August 01, 2017

A Rails API Example With Grape and Airborne

This post is meant to serve as a light introduction to a Rails API example usin g Grape and Airborne.

API Learning Design

Grape is a ruby gem to help you create REST-like APIs in Ruby.

Airborne

Step 1 – Install Grape and Airborne

First, install the appropriate gems. You don’t need grape_on_rails_routes but I like it because it gives you a handy rake task to let you see what your API routes look like.

grape-entity is useful for helping you more easily construct a JSON response from your API.

Here are the relevant gems:

gem 'grape'
gem 'grape_on_rails_routes' # rake task to expose grape api routes
gem 'grape-entity'

group :test do
  gem 'airborne'
end

In config/airborne.rb, set it up as follows:

Airborne.configure do |config|
  config.rack_app = API
end

The great thing about the airborne setup is that it enables you to test your API application without having the server running.

Step 2- Organize your API setup

Create an app/api/joboffer directory and create a joboffer.rb file inside.

module JobOffer
  class V1 < Grape::API
    version 'v1'
    format :json
    desc 'System for tracking job offers'

    namespace :users do
      get '/' do
        users = User.all
      end

      desc "Retrieve a user's offers w/factors"
      params do
        requires :id, type: Integer, desc: 'user id'
        requires :offer_id, type: Integer, desc: 'offer id'
      end


      get ':id/offers/:offer_id/factors' do
        user = User.find(params[:id])
        offer = user.offers.find_by(id: params[:offer_id])
        factors = offer.factors
      end
    end
  end
end

Step 3 - Add a Factor model with the following schema

The below schema is generated using the annotate gem.

It’s really a reflection of what is found in your schema.rb file in a Rails application, but it sits at the top your model file.

You can generate a Factor model below using a rails migration.

# == Schema Information
#
# Table name: factors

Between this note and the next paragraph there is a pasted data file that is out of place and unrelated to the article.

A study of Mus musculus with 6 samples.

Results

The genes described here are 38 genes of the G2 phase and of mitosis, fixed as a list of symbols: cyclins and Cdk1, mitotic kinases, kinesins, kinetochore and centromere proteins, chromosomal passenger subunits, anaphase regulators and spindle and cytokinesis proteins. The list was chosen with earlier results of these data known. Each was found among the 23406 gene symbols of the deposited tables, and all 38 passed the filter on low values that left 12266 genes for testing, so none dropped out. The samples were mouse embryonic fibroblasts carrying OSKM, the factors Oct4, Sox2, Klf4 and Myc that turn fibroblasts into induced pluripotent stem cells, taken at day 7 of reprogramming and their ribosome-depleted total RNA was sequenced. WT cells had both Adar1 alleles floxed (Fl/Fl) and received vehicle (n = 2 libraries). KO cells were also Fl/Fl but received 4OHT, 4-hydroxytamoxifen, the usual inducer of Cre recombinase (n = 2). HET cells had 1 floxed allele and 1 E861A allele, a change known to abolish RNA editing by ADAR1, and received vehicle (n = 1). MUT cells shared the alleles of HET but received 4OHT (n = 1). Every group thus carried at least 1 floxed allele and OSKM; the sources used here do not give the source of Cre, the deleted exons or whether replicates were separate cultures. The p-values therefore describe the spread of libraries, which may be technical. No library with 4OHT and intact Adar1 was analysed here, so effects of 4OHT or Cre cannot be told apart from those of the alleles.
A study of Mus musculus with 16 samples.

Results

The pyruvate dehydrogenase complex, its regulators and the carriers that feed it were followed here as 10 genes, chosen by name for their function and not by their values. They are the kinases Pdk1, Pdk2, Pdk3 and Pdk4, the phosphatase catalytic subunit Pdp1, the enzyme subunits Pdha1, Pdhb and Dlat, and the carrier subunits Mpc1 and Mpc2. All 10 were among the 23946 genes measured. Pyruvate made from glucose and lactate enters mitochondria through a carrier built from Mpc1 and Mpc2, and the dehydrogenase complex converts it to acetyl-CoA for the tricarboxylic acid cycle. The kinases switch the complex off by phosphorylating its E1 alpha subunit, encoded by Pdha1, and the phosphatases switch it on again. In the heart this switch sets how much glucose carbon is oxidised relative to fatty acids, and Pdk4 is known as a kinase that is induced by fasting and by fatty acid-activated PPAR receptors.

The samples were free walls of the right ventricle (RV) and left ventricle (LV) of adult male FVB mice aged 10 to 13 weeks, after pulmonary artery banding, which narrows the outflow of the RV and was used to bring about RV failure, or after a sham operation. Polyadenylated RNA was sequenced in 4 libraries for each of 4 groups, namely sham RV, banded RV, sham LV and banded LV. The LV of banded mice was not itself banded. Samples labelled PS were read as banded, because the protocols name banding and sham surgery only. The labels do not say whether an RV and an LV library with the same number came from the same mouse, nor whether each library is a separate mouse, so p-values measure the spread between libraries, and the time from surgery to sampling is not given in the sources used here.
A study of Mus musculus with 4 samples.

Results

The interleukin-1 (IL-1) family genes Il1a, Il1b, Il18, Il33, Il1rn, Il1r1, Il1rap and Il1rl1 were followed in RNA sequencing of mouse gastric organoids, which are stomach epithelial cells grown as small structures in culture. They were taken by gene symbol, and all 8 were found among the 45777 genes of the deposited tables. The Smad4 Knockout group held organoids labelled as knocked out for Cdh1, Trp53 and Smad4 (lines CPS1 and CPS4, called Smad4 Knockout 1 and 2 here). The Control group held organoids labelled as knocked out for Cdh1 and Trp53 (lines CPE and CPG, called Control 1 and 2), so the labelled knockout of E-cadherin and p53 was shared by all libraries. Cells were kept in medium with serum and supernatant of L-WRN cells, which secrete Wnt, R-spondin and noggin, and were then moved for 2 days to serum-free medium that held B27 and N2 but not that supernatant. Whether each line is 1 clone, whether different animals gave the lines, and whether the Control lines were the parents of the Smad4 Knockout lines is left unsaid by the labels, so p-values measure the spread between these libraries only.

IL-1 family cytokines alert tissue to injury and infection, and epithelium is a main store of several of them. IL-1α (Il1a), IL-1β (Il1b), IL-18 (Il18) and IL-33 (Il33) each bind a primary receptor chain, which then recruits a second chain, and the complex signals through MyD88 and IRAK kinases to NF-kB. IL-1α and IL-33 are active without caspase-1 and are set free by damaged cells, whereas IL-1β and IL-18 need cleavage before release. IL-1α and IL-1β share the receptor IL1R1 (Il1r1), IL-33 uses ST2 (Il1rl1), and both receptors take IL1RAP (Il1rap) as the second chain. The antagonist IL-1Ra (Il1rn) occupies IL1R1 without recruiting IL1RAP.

#
#  id          :integer          not null, primary key
#  name        :string
#  value       :decimal(, )
#  repeat_type :string
#  created_at  :datetime         not null
#  updated_at  :datetime         not null
#  offer_id    :integer
#

Step 4 - Add an offer model

You can generate an Offer model below using a rails migration.

# == Schema Information
#
# Table name: offers
#
#  id             :integer          not null, primary key
#  name           :string
#  active         :boolean
#  ongoing_total  :decimal(, )
#  one_time_total :decimal(, )
#  created_at     :datetime         not null
#  updated_at     :datetime         not null
#  user_id        :integer
#

Step 5 - Add a user model

You can generate a User model below using a rails migration.

# == Schema Information
#
# Table name: users
#
#  id                 :integer          not null, primary key
#  first_name         :string
#  last_name          :string
#  email              :string
#  created_at         :datetime         not null
#  updated_at         :datetime         not null
#  encrypted_password :string(128)
#  confirmation_token :string(128)
#  remember_token     :string(128)
#

Step 6 - setup clearance with the user model

I also used the clearance gem for authentication.

In your Gemfile add:

gem "clearance"

Then run the following generator task (assuming you already setup a User model).

$ rails generate clearance:install

Step 7 - Create a factor model with the following schema

# == Schema Information
#
# Table name: factors
#
#  id          :integer          not null, primary key
#  name        :string
#  value       :decimal(, )
#  repeat_type :string
#  created_at  :datetime         not null
#  updated_at  :datetime         not null
#  offer_id    :integer
#

Step 8 - Organize your routes.rb file

Rails.application.routes.draw do
# routes file shortened for clarity

mount API => '/'

Step 9 - Add the following to config/application.rb

# config/application.rb

#for grape
config.paths.add File.join('app', 'api'), glob: File.join('**', '*.rb')
config.autoload_paths += Dir[Rails.root.join('app', 'api', '*')]

Summary

Setting up a Rails API with Grape is pretty straightforward. In the future, I plan to have a GitHub repository.